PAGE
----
Seven billion humans in one world


(Illustration by Dylan Slusser)

By Joanna Cosper / Opinions Editor

The world welcomed a very special visitor in the Philippines capitol of Manila on Oct. 30.

Danica May Camacho, is estimated to be the 7 billionth baby to have been delivered in the history of mankind.

Camacho was delivered just before midnight on a Sunday in a packed government-run hospital.

By Monday, she had become a symbol for humanity’s feat for reaching 7 billion in its population rate and the United Nations chose to represent her birth with a string of festivities worldwide.

Is this something that should be celebrated so profusely? Not in the very least.

Her birth comes with one dire warning that should not be ignored: our world is becoming overpopulated.

Dr. Eric Tayag of the Phillipines’ Department of Health said that this birth should not be treated as blessing in this kind of manner. “Seven billion is a number we need to think about deeply,” he said.

As the world’s population grows, one concern that arises is the risk of depleting several of our natural resources continues to grow much more dire with passing time.

The Food and Agriculture Organization of the United Nations, for example, is predicting that 1.8 billion people will be living in countries or regions with absolute water scarcity.

The BP Statistical Review of World Energy released information in June that stated the world has enough oil to last us on 46.2 years, should global production remain at the current rate. The review also mentioned that there is only 58.6 years of using natural gas left.

Scientists from the Global Phosphorus Research Initiative have discovered that, lest something is done to either halt or tremendously slow down the global production of phosphorus, the demand could finally outstrip the supply and we could run out of the element in the next 50 to 100 years if new reserves are not found.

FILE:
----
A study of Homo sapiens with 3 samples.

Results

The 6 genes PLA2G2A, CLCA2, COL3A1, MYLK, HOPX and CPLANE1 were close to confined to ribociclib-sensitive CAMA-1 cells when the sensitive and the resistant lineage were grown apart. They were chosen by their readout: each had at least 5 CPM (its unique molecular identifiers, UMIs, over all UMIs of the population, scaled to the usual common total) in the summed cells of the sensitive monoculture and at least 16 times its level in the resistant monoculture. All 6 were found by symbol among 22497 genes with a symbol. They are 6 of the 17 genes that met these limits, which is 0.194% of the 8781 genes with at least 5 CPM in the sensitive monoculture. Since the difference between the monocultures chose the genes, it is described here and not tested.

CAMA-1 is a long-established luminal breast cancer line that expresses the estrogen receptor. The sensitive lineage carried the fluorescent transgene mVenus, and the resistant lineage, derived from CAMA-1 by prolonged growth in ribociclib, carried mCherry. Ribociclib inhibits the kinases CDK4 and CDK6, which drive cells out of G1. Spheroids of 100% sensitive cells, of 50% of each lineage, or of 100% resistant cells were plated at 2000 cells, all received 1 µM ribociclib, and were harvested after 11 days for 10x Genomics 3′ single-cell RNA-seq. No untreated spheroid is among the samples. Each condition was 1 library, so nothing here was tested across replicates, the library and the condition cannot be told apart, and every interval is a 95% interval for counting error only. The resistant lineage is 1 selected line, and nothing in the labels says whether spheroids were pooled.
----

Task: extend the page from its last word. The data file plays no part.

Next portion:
With these statistics in mind, it’s a shame that there isn’t a bigger push to solve the crisis of overpopulating the world. Instead, the United Nation celebrates it as if it were an accomplishment made by mankind.

That must not be the case, however.

Amidst the inconsistent number of deaths and births that occur each year, the United States Census Bureau has found it difficult to pinpoint the exact date in which each billionth mark was reached worldwide, so instead, they are forced rely on estimated calculations.

According to their approximations, the world’s population rate has skyrocketed in the past two centuries. In 1805, it reached the 1 billion mark, 2 billion in 1927, 3 billion in 1956, 4 billion in 1976, 5 billion in 1987, and finally, 6 billion by 1998.

The United Nation predicts that the 8 billionth baby with grace the world with their presence by 2025 where No. 9 billion will arrive by 2050. Baby No. 10 should be born approximately 2100.

This information should not be easy to keep in mind. If anything, it should come across as frightening, considering the ramifications of overpopulation, such as mass extinction within the animal and plant kingdoms and the rapid depletion of natural resources.

Based upon current trends in the world’s development, most of this growth will occur in high-fertility countries such as the Sub-Sahara Africa, Mexico and India.

When compared to most of Asia, Europe, and North America, each of which will experience shrinkage in their population rate, there is no argument something must be done to spread the word of slowing the progress of our growth and it must be done soon.

However, this subject acts as a double-edged sword. Despite the ringing warning bells in regard to our dwindling natural resources, medical advances has made it easier for people to live much longer and an increased life expectancy decreases the likelihood of death, thus forestalling the death rate from increasing.

Although there is no viable solution to have surfaced just yet, the only path this situation must take is to keep from celebrating such feats. Reaching the 7 billionth mark in our world’s population rate is by no means a revolutionary act, nor is it an accomplishment.

This event comes with a warning tag: slow down, world. Slow down or face the consequences.